3.6 out of 5 stars 8 customer reviews


  • Paperback: 336 pages
  • Publisher: William Morrow Paperbacks; 1 edition (Dec 24 2001)
  • Language: English
  • ISBN-10: 0060988940
  • ISBN-13: 978-0060988944
  • Product Dimensions: 15.6 x 2.1 x 23.5 cm
  • Shipping Weight: 576 g
  • Average Customer Review: 3.6 out of 5 stars 8 customer reviews
  • Amazon Bestsellers Rank: #583,927 in Books (See Top 100 in Books)

About the Author

Dr. Barry Sears is recognized as one of the world's leading medical researchers on the hormonal effects of food. He is the author of the number one New York Times bestseller The Zone as well as Mastering the Zone, Zone-Perfect Meals in Minutes, Zone Food Blocks, A Week in the Zone, The Age-Free Zone, The Top 100 Zone Foods, The Soy Zone, The Omega Rx Zone, Zone Meals in Seconds, and What to Eat in the Zone. His books have sold more than five million copies and have been translated into twenty-two languages in forty countries. He continues his research on the inflammatory process as the president of the nonprofit Inflammation Research Foundation in Marblehead, Massachusetts. The father of two grown daughters, he lives in Swampscott, Massachusetts, with his wife, Lynn.

Customer Reviews

3.6 out of 5 stars

Format: Paperback
Actually, this is one of my favorite Zone books. Maybe it has to grow on you.
When you start studying what biochemist Barry Sears writes about, your eyes may glaze over. You only really need one book to begin with, it's just a matter of assimilating a new kind of information about how to balance your nutrition.
This one has an excellent section describing most of the Zone basics, and it sharpens the focus on the nutritional attributes of the best foods - information you cannot get in the other Zone books. Dr. Sears lays out his formula for ranking all the nutrients in food straightforwardly, and you find out HOW MUCH better for you broccoli, caulifower, or spinach are instead of cereal, pasta, or bread.
Since no foods are actually forbidden in the Zone, the proportions are still up to you. Of course, if you insist on consuming hydrogenated oils, you do so at your own risk!
In my opinion, we live in an age with too many refined and processed foods. Barry Sears has given us a survival guide for modern times. It's the healthiest, most adaptable and most sustainable nutrition plan out there.
This book is more about the nutrition facts of vegetables, meats and fruits. And there's info on vitamins as well.
Since I started the zone diet 1 week ago, I watched my blood sugar go from 260 (after meals, considered diabetic), drop to 176 (considered borderline). I don't use too many of the zone recipes, rather I adapt my normal cookbooks to the zone way of cooking, which is very easy to do.
This book, the top 100 zone foods, was very good for me because it lists the nutrition facts of each fruit, vegetable or protein. And the amount of each vegetable that would make up 1 zone block. You, the cook, decides how to mix and match your daily veggies and fruits in your own recipes.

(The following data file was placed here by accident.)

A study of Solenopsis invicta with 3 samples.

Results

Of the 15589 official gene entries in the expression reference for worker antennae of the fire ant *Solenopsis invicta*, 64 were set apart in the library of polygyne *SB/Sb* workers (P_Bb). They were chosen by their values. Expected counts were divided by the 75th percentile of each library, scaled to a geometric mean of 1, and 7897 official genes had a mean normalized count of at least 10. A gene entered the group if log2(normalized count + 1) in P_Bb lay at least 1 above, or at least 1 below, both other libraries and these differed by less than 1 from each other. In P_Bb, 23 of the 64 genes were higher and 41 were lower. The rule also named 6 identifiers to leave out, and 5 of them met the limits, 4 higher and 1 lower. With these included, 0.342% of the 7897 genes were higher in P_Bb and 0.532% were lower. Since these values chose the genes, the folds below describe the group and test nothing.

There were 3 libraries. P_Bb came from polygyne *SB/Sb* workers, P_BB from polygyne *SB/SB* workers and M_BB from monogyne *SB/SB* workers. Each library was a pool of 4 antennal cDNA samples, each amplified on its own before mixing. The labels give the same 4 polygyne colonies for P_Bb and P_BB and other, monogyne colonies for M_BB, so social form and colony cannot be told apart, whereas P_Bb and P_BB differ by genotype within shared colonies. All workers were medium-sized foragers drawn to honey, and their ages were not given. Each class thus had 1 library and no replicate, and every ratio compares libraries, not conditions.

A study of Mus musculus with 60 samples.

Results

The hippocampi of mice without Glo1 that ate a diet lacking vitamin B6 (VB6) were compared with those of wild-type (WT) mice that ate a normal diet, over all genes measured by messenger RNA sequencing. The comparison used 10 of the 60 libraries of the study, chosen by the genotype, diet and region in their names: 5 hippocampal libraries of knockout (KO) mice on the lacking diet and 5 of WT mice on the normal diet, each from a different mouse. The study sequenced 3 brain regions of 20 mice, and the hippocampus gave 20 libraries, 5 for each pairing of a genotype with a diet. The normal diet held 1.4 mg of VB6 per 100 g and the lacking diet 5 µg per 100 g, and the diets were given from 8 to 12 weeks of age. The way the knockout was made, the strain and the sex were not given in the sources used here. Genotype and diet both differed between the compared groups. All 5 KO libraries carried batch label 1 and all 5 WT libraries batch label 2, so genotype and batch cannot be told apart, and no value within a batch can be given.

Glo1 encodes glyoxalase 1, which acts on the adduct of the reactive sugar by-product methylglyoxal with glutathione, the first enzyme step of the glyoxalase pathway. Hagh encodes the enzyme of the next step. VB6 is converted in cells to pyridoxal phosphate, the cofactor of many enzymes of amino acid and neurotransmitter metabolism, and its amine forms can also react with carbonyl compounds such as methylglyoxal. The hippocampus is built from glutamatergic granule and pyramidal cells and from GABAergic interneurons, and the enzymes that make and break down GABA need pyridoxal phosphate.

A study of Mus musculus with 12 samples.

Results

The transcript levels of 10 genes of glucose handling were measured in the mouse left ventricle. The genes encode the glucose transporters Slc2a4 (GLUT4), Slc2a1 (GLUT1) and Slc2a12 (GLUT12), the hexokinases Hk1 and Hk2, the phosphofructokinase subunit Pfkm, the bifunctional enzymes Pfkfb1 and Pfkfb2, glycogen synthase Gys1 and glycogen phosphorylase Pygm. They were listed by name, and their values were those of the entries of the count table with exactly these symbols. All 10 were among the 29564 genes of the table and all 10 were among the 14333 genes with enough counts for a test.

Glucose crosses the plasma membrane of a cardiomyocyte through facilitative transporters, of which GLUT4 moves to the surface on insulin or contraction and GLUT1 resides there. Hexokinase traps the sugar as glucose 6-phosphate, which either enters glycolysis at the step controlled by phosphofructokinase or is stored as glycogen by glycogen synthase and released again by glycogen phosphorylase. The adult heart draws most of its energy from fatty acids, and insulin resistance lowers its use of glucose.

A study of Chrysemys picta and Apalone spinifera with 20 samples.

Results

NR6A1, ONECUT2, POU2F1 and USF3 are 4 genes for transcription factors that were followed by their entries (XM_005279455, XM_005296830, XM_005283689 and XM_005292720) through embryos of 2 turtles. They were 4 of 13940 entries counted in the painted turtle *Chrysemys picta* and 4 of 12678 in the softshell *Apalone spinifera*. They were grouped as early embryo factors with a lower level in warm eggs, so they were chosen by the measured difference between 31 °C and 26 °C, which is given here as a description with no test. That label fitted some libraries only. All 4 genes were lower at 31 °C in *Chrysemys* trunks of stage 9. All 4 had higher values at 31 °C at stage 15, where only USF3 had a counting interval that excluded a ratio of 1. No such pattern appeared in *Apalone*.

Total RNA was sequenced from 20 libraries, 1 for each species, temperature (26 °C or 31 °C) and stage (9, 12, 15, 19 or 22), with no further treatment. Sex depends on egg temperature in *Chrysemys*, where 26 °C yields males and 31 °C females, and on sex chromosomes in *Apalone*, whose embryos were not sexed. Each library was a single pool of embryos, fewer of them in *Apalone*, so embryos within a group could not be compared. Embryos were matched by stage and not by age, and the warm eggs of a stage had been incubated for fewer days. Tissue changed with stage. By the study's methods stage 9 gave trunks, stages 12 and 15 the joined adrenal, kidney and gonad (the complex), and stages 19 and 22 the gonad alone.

After reading this book, I found out that artichokes and eggplants lower blood cholesterol, kale is rich in folate (which helps prevent artery wall damages), apples and okra have soluble fibers which help stabilize blood sugars, and onions are more powerful at lowering blood sugar naturally than medications (which have a slingshot effect - they work for a short time, and if you stop taking them, your blood sugar goes right back up).
Just these facts were worth it for me to buy this book. Like all Chinese, we believe food and medicine is the same. I'd rather do it by diet than having to spend $$$ for medications. Besides, all medications have long term side effects.
The only reason I gave this book 4 stars, is because they don't have information on a lot of asian veggies that we eat on daily basis - gailan (chinese broccoli), amaranth leaves, pea shoots, bamboo shoots, gobo (burdock root), opo squash, wintermelon, bean sprouts, daikon (icicle radish), loofah squash, yo choy, sen choy (red spinach), tree ear mushrooms, shiitake mushrooms, etc etc. It would be great to see Dr. Sears include more "exotic" fruits and veggies in his next version.
Format: Hardcover
This is a horrible book; the other Zone books are much more useful. The recipes are best avoided; the "Did you know?" section about each food is irritatingly trite; the information content of the book is low. The only interesting thing to mention is that the quantities of various foods required to make up a "Zone block" have altered considerably since Sears published "Enter the Zone" in 1995. The pattern seems to be that (1) the recommendations for fat are doubled to 3 grams (but the number of peanuts that is said to fulfill that recommendation remains at 6), and (2) the amounts of high-fiber vegetables have increased enormously, for example "artichoke, 1 medium" becomes "artichoke, 4 large", "broccoli, 1 cup" becomes "broccoli, 3 cups", "spinach, 4 cups" becomes "spinach, 20 cups". The curious statement that 1/2 nectarine is equivalent to 1 peach remains, however (a puzzle to botanists everywhere).
Understanding "The Zone" is one thing. Developing menues, based on "The Zone", is another thing. Thank you, Dr. Sears, for providing so many alternatives for those of us who have neither the imagination nor the time to develop such recipes on our own.
The amount of research necessary to create such a variety of recipes is more than I could possibly do on my own, and greatly enhances the pleasure of being in the zone.
The book,"The Zone", provides a thorough explanation of the concept. This book, which, along with the recipes, contains brief explanations of the "zone" concept along with tables and charts, is an excellent complement to "The Zone", and I recommend it highly.